The U.S. House of Representatives passed a bill Friday that includes an amendment for establishing a Manhattan Project National Historic Park at Hanford's B Reactor, as well as at sites in Oak Ridge, Tenn., and Los Alamos, N.M.
The 2014 National Defense Authorization Act passed the House by a 315-108 vote, with all Washington representatives voting in favor. It still needs to be approved by the Senate.
The amendment calls for the Department of Energy -- within a year of the bill's passage -- to enter an agreement with the Department of the Interior to establish the park, with an eye toward enhancing public access, management, interpretation and historic preservation.
The amendment was authored by Rep. Doc Hastings, R-Pasco.
TRIDEC's lobbyist, Tim Peckinpaugh, pushed for both amendments. He said the Hanford land could attract a large business for economic development, and the historic park will help educate the public about what arguably was the most historic event of the 20th century.
"Don't tear everything down," Peckinpaugh said.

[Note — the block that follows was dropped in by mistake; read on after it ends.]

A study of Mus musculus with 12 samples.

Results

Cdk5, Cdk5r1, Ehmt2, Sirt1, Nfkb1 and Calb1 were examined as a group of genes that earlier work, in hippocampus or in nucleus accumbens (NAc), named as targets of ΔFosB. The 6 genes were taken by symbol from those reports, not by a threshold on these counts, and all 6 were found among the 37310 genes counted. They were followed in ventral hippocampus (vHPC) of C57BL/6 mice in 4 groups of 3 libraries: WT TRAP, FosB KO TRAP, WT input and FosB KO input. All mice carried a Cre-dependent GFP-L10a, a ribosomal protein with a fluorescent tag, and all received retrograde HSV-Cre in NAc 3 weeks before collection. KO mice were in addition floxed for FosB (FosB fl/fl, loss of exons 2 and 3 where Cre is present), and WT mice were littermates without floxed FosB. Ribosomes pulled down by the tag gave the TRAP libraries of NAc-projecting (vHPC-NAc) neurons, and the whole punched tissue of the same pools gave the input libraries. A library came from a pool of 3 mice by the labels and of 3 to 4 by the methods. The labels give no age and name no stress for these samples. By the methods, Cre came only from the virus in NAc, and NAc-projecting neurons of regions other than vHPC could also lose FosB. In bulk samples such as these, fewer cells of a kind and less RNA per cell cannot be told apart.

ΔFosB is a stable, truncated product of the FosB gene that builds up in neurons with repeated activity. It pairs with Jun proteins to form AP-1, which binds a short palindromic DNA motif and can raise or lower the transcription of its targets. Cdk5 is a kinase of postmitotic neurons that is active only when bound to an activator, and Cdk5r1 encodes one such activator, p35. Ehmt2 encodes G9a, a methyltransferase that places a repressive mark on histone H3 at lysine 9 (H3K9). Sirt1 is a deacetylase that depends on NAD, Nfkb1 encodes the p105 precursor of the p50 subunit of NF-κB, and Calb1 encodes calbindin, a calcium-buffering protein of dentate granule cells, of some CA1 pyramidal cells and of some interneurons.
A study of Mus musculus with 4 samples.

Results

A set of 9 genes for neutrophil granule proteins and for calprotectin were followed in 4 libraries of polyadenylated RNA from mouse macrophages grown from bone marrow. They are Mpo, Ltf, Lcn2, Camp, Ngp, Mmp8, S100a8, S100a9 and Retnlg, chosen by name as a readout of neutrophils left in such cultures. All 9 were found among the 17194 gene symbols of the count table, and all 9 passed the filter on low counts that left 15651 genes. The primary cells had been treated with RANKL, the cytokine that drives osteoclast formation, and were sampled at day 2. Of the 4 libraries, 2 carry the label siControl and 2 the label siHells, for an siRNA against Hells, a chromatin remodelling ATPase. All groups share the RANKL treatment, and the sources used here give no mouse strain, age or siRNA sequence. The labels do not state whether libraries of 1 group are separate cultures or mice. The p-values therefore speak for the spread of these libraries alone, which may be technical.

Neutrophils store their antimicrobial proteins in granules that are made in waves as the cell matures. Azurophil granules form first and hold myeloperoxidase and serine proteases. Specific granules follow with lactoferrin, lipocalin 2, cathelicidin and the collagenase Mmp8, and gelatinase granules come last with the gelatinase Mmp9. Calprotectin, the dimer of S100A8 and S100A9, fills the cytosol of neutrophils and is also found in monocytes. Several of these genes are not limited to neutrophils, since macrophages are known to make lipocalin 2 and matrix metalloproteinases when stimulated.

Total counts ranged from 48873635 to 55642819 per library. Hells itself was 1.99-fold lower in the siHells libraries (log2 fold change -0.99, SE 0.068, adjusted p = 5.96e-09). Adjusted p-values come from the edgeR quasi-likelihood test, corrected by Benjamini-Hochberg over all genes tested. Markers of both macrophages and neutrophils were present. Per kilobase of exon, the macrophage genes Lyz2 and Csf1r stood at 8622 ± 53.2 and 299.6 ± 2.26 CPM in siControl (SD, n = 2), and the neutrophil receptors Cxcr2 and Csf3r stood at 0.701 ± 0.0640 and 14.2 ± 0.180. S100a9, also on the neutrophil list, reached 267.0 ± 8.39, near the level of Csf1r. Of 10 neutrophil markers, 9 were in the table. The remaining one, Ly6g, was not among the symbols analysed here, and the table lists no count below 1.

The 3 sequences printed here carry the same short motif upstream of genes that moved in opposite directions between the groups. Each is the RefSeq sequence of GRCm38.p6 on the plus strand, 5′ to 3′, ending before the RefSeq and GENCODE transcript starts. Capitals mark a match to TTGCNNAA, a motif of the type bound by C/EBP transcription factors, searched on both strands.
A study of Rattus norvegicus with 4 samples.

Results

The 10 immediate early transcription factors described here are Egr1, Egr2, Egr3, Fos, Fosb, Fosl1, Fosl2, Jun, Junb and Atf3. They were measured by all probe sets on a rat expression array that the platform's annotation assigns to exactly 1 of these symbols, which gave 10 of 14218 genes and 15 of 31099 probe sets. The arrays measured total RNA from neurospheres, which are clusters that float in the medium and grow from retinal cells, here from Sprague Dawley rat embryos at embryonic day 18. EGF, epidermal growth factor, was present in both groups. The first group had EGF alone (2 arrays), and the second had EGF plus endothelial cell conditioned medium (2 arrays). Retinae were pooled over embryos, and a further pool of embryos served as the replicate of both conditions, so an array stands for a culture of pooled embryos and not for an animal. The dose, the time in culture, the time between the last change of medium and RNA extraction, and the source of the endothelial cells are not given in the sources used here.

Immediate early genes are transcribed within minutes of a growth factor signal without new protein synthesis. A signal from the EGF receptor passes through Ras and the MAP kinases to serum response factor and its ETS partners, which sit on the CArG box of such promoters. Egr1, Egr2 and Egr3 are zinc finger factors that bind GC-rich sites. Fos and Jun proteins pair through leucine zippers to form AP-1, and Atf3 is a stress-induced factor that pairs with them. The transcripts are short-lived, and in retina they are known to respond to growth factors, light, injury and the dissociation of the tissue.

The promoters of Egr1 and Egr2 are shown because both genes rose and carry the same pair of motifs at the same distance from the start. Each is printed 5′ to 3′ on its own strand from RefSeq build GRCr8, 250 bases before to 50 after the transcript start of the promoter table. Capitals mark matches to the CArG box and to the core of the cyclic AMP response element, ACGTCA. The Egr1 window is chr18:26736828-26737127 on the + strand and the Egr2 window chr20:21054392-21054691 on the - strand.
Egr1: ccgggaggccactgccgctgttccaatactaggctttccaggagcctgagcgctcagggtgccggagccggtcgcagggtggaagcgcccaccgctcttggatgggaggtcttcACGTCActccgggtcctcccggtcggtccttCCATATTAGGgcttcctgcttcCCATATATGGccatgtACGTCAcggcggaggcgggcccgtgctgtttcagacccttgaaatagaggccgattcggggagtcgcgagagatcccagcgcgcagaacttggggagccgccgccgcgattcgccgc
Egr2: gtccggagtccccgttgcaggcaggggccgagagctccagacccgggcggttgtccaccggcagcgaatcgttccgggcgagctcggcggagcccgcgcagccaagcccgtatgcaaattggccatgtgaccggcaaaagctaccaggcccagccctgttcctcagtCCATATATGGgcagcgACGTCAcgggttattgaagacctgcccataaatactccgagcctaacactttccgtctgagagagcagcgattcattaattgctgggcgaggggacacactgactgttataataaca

"There is great history here that folks should learn about."
Though the Senate is expected to pass the bill, it could leave the Hanford amendments out. But they still could be included in a final bill that would be worked out in a conference committee, likely in the fall.
"This is a $600 billion-plus bill, there's lots of issues to be talked about," Peckinpaugh said. "The good news is (the amendments) are going to be in play."
After a separate Hastings-sponsored bill on the historic park failed last year under special rules, which require a two-thirds House vote, Hastings included it in the defense authorization act this year.
"Doc made a very bold move," Peckinpaugh said. "It's very historic for our community to see this done."
In a statement, Hastings said the historic park is the best way to preserve the B Reactor and other sites for decades to come.
"I'm pleased we were able to get this amendment approved and will continue to look for every opportunity to advocate for the historical park until it becomes law," he said.